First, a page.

Wednesday, August 13, 2014

#Disneyland60.....Today In Disneyland History......August 13, 1954

Disneyland Excavation Begins
August 13, 1954

Orange County Archives

On August 13, 1954, excavation began in Anaheim, California with the removal of walnut and orange trees of the site that would open as Disneyland just 11 months later on July 17, 1955.  The original vision for Disneyland first came when Walt Disney would take his two young daughters, Diane and Sharon, to play at the carousel at Griffith Park in Los Angeles every Sunday. While his daughters enjoyed their repeated rides, Disney sat on park benches with the other parents who had nothing to do but watch. It was on these Sunday excursions that Walt Disney began to dream of an activity park that had things for both children and parents to do.
At first, Disney envisioned an eight-acre park that would be located near his Burbank studios and be called, "Mickey Mouse Park." However, as Disney began to plan themed areas, he quickly realized that eight-acres would be way too small for his vision.
Although World War II and other projects put Disney's theme park on the back burner for many years, Disney continued to dream about his future park. In 1953, Walt Disney was finally ready to start on what would become known as Disneyland.

The first part of the project was to find a location. Disney hired the Stanford Research Institute to find an appropriate location that consisted of at least 100-acres, was located near Los Angeles, and could be reached by a freeway. The company found for Disney a 160-acre orange orchard in Anaheim, California.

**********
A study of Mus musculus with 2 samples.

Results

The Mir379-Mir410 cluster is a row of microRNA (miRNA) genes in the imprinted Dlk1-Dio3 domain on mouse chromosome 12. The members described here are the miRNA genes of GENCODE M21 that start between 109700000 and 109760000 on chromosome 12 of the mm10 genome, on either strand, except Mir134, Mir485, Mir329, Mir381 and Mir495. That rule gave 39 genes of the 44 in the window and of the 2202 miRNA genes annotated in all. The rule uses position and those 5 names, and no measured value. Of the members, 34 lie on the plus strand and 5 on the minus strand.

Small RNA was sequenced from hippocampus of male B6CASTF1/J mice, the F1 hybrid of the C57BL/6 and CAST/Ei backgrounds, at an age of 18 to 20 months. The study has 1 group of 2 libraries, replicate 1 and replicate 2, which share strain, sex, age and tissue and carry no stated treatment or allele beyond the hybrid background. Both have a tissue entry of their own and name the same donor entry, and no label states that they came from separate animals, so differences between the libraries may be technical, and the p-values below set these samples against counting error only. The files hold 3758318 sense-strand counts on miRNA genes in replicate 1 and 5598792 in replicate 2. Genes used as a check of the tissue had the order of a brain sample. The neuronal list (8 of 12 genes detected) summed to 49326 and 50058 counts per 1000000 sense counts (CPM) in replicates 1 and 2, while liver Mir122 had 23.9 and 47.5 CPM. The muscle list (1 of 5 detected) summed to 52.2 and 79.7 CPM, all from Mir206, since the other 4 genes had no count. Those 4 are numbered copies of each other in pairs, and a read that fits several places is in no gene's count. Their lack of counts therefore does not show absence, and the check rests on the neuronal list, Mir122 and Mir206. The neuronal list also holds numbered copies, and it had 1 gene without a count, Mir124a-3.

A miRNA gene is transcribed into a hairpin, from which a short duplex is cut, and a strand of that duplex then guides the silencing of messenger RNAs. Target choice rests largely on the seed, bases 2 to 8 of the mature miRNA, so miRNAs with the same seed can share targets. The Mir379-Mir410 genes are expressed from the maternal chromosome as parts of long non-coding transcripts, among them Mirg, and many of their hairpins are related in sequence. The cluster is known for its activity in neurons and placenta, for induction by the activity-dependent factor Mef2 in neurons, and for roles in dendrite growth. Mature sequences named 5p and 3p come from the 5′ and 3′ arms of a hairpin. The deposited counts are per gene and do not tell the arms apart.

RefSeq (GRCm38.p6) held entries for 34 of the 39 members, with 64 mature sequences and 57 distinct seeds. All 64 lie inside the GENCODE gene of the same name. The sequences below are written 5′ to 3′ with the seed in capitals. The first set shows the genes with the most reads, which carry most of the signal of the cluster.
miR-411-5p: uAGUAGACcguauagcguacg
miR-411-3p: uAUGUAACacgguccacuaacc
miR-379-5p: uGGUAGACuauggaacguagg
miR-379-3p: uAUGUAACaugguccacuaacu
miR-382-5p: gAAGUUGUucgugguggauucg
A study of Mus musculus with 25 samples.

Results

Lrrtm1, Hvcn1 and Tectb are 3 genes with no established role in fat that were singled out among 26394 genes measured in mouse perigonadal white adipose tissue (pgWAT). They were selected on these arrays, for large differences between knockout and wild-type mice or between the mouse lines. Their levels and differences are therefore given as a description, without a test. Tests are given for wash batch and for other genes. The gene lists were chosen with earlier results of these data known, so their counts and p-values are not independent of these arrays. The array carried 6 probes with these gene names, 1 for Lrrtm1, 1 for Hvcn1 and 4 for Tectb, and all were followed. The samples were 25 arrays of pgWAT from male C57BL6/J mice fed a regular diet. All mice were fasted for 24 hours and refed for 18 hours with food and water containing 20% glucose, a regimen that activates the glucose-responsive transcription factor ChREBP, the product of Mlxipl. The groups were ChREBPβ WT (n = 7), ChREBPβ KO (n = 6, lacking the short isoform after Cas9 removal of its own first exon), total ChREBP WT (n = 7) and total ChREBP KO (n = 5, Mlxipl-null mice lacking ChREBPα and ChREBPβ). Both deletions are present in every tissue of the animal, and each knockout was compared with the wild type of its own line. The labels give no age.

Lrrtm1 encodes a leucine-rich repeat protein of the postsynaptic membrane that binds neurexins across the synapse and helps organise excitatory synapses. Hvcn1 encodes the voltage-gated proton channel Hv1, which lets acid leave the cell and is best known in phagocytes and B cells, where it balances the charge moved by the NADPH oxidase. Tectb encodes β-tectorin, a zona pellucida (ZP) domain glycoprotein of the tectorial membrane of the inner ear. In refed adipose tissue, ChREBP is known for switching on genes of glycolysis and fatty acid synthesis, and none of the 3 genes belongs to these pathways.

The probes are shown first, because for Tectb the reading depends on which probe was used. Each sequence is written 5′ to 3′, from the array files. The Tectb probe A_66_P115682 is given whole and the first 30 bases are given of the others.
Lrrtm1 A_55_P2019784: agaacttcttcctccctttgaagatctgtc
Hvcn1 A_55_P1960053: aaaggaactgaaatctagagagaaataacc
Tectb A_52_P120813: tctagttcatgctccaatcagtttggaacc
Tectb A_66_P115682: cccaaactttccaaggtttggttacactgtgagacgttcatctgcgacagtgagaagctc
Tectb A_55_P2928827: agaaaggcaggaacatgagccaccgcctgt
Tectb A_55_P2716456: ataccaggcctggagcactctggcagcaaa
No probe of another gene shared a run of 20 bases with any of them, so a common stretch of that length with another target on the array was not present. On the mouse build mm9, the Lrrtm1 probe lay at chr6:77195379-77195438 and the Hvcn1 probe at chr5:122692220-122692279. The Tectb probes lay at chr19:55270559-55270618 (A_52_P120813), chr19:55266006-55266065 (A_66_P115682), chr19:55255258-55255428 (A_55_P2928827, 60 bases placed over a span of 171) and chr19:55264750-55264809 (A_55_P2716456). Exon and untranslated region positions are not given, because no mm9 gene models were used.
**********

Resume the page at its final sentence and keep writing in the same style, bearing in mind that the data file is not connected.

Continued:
Once the location was decided upon, the problem of funding came next.  While Walt Disney put up much of his own money to make his dream a reality, he didn't have enough personal money to complete the project. Disney contacted financiers to help but as much as Walt Disney was enthralled with the theme park idea, the financiers he approached were not. Many of the financiers could not envision the monetary rewards of a place of dreams.      

To gain financial support for his project, Disney turned to the new medium of television. Disney made a plan with ABC Television in that they would help to finance the park if Disney would produce a television show on their channel. The program Walt created was called "Disneyland" and showed previews of the different themed areas in the new, upcoming park.

On July 21, 1954, construction on the park began with the actual excavation of the orange and walnut orchards taking place some three weeks later. 11 months later, on July 17, 1955, 6,000 by-invitation-only guests were invited for a special preview of Disneyland before it opened to the public the following day. The total cost of building Disneyland would be $17 million. 

Since its opening, Disneyland has undergone a number of expansions and renovations, including the addition of New Orleans Square in 1966, Bear Country (now Critter Country) in 1972, and Mickey's Toontown in 1993. Disney California Adventure Park was built on the site of Disneyland's original parking lot and opened in 2001.
Disneyland has a larger cumulative attendance than any other theme park in the world, with over 650 million guests since it opened. In 2013, the park hosted approximately 16.2 million guests, making it the third most visited park in the world that calendar year. According to a March 2005 report from the Disney Company, there are 65,700 jobs supported by the Disneyland Resort, which includes, at the Resort itself, 20,000 direct Disney employees and 3,800 third-party employees. Walt Disney once said, Disneyland will never be completed. It will continue to grow as long as there is imagination left in the world.” Luckily for all of us, imagination and magic know no bounds. And that’s what happened today in Disneyland’s history.